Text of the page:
Brice Smith, associate professor of physics, holds a Ph.D. in physics from the Massachusetts Institute of Technology and B.S. in physics from Washington University in St. Louis. He received the Buechner Teaching Prize for outstanding contributions by a graduate student to the educational program of the MIT Department of Physics. He is the author of a number of works on nuclear power, sustainable energy and energy policy, including the 2006 book Insurmountable Risks: The Dangers of Using Nuclear Power to Combat Global Climate Change.
Smith has testified before the Georgia Public Service Commission and worked on expert reports for interveners, appearing before the Nuclear Regulatory Commission’s Atomic Safety and Licensing Board. He has presented at more than two dozen conferences and events on energy-related issues across the U.S. as well as internationally. Prior to joining the SUNY Cortland faculty, Smith worked as a senior scientist at the Institute for Energy and Environmental Research in Takoma Park, Md., and before that as an embedded software engineer working on aircraft electric power systems at Sundstrand Aerospace.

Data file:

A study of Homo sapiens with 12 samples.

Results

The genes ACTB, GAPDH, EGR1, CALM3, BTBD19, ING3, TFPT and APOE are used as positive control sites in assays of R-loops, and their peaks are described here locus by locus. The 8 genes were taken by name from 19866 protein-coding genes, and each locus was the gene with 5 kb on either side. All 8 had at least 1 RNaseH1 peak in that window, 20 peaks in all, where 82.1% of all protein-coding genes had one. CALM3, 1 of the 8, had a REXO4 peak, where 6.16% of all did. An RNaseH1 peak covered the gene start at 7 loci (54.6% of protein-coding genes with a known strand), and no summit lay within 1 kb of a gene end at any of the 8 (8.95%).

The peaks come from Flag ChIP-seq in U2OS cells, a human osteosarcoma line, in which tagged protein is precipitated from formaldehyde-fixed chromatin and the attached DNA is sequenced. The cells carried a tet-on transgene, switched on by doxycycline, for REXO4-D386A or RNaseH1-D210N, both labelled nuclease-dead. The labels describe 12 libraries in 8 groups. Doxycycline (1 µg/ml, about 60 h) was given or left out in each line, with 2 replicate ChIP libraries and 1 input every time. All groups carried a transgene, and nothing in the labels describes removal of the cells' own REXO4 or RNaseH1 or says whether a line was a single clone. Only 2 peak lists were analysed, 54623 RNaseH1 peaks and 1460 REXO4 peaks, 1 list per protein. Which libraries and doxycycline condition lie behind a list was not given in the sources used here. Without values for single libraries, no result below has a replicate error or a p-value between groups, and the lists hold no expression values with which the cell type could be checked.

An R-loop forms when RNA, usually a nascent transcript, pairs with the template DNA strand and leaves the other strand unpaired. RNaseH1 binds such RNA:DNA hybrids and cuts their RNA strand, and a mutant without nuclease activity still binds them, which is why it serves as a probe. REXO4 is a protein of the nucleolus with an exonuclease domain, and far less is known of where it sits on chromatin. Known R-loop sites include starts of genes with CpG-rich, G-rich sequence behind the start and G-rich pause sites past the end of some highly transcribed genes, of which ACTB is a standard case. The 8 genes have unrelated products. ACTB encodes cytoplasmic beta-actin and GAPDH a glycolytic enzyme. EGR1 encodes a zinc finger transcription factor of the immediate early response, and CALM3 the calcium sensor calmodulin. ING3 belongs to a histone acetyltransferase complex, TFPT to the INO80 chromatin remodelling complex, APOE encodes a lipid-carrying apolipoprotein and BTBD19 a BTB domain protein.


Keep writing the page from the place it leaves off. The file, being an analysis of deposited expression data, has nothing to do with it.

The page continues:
Graduate Program Coordinator for the PSM in Sustainable Energy Systems
Moataz Emam, associate professor of physics, holds a Ph.D. in theoretical high energy physics from the University of Massachusetts at Amherst. He also holds B.S. and M.S. degrees in physics as well as a B.S. degree in civil engineering from Cairo University, Egypt. He received the Arthur R. Quinton Teaching Award for outstanding performance from the physics department at UMass Amherst.
Emam has extensive experience in the field of civil engineering, where he had worked for several years in structural analysis and design as well as supervising the construction of steel and reinforced concrete projects. He is the author of 12 papers in the field of string theory that have appeared in peer-reviewed journals and is the editor and co-author of the book Are we there yet? The search for a Theory of Everything published by Bentham Science Publishers in 2011.